It’s assumptions like A.NO_EVIL that highlight the fact that in the real world there is no 100% security. Even EAL7 doesn’t assure 100% security. And certainly what we write or don’t write in the Security Target is not going to make a TOE more or less secure. No amount of academic hair-splitting is going to provide 100% security.
Underlying all the explicit TOE assumptions is an implicit assumption that people in the organization with authority and capability are going to at least try to do their jobs properly. In the real world, some will try but screw up just the same, some won’t even try, and some will deliberately undermine and sabotage. As long as everybody (Security Target writers, evaluators, customers, admins and user, etc.) understands that this is the environment we all live and work in, the TOE can provide the level of security it’s designed to provide and that the evaluation has “proved” (at some level of assurance) to indeed provide, under the right circumstances. And it’s up to the organization to minimize the risks, with policies and procedures and hiring practices etc.
So what should we do, not assume A.NO_EVIL? Then we might as well all close up shop. How can you possibly design a security product that doesn’t require somebody somewhere to use it correctly?
Alex Ragen, CISSP, ISSA
[mailto:email@example.com] On Behalf Of John
I both agree and disagree (and am sometimes neutral), depending on where I start reading ... J
If the proposed Guidance and corrective action are as you describe (second handedly), then it is a huge non sequitur. There is nothing in the assumption A.NO_EVIL that is really all that relevant to specific privilege level, given that all administrators have some elevation of privilege. So you make some good points that its removal isn’t really justified, at least not for the stated reasons. And I agree that its removal might be counterproductive.
On the other hand, A.NO_EVIL is a bit of a heavy-weight assumption, although it does seem to accurately describe some of the more relevant, real-world assumptions about administrators. I think a better action would be to break up A.NO_EVIL and, better yet, provide concrete objectives for the Environment to support it. However, in the end, it is just a convention - and there are multiple different ways to say the same thing in an ST. So it is difficult to find particular fault, especially without first-hand knowledge of all the reasoning. Threats may be perceived as having greater weight, although I think this is more a result of common CC usage rather than by design of the CC. Also, Assumptions can only be addressed by the Environment, whereas Threats can be addressed either by the TOE or Environment (or by both). So maybe that is part of the reasoning …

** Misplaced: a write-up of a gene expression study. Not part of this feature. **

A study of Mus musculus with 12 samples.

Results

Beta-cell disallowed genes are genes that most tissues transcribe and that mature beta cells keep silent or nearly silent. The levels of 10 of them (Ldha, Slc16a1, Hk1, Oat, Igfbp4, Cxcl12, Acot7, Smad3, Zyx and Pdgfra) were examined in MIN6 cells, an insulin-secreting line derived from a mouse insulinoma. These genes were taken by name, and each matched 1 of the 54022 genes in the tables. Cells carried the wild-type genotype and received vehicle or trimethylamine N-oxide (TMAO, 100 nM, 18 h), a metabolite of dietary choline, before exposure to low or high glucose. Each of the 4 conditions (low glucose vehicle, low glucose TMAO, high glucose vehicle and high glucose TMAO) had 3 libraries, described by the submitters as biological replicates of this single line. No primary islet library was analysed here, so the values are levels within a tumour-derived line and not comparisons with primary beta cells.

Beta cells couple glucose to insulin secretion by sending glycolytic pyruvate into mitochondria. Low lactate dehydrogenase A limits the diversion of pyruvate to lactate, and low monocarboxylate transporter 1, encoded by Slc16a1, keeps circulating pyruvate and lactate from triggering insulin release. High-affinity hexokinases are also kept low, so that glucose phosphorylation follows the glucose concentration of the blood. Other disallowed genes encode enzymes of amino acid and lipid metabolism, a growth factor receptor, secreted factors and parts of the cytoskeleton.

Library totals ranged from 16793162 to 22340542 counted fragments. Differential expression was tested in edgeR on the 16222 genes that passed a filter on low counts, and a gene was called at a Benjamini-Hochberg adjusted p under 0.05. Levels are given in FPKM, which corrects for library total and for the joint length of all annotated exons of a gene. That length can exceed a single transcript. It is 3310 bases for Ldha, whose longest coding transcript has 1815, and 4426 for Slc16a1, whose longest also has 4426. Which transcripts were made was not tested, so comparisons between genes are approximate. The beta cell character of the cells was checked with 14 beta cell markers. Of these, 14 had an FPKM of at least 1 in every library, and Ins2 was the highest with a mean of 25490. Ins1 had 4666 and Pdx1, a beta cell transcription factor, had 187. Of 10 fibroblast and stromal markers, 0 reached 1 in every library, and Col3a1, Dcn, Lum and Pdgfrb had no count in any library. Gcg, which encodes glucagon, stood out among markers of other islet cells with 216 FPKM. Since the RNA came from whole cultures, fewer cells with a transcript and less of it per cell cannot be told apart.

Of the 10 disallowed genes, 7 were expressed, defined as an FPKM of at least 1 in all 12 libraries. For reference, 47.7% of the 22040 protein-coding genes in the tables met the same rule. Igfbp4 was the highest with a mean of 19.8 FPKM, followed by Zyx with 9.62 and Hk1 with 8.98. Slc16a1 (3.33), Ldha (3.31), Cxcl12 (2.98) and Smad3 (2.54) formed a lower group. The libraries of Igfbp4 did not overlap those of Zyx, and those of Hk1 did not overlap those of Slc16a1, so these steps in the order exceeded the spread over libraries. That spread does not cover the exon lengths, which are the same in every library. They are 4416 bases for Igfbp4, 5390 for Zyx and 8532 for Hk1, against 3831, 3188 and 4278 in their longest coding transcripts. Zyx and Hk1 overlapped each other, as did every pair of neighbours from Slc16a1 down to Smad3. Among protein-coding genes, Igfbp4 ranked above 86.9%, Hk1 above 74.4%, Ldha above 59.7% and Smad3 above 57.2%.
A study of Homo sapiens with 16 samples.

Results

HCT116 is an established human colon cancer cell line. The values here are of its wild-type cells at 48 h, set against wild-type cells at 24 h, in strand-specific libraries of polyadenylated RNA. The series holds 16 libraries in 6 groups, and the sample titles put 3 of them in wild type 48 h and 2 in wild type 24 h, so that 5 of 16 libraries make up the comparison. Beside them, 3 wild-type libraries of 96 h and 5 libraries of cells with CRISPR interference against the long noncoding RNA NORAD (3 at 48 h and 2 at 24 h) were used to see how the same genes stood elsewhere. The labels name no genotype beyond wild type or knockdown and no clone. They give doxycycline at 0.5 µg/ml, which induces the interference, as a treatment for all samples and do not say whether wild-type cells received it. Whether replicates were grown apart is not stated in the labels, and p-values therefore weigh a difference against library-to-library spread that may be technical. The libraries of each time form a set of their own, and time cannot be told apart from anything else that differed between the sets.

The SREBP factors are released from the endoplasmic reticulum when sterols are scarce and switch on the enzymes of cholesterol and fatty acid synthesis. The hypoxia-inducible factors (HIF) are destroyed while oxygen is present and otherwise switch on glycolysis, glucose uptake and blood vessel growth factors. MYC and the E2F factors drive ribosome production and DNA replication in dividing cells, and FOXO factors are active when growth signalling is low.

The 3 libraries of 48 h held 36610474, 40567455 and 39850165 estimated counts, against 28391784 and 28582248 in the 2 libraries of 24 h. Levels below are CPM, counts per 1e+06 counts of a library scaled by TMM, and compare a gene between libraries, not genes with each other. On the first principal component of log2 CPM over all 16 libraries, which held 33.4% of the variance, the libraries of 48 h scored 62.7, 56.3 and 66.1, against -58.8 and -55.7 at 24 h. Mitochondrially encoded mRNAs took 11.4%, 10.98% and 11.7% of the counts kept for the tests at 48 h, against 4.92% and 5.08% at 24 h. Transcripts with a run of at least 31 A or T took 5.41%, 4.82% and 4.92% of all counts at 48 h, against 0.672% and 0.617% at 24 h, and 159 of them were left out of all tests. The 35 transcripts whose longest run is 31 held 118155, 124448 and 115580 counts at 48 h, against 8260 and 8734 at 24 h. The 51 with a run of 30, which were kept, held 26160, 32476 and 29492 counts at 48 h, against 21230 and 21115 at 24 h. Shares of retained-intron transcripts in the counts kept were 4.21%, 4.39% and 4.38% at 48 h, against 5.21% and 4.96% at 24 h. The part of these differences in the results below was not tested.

Finally, I think the point about holding administrators accountable overstates the role of an ST in the operational environment. It is the operational organization that chooses to comply with the ST environment (or not). In the latter case, the organization has to accept the risk implied. It’s not the other way around. In other words, I can’t imagine an administrator saving his or her job because there was a missing assumption about being non-hostile.
Ashton Security Labs
firstname.lastname@example.org [mailto:email@example.com] On
Behalf Of Michelle Ruppel
Again, I would like to get input from the members of the CC-CMT on the following issue. ;)
Issue: For TOEs that do not have an all powerful, root-like user, can the standard A.NO_EVIL (Administrators are non-hostile, appropriately trained and follow all administrator guidance…) assumption be used?
I have been told that the new Guidance for writing Medium Robustness PPs implies that A.NO_EVIL is no longer allowed or needed. Instead a threat should be used about having an all powerful user and the TOE can mitigate this threat by using privileges or limited administrative users/roles.
In my opinion, this assumption is useful when accompanying such a threat. Even if the TOE does not have an all powerful, root-like user, I still believe this is an important assumption. I know there are many organizations who have had breaches that would agree with me; I think this is a real world issue. Regardless of the aspects of access control, privilege control and role-based control enforced by the TOE, each individual administrator still has the obligation to follow the administrative guidance supplied for their part in the administration of the TOE and to be trustworthy/non-hostile.
An assumption defined in the ST documents that there is an expectation that they do so, and provides the employer and end user with the responsibility and ability to hold them individually accountable. Why would we want to take the capability to hold the administrative users accountable away from the employer and end user?
I look forward to reading your opinions/experiences.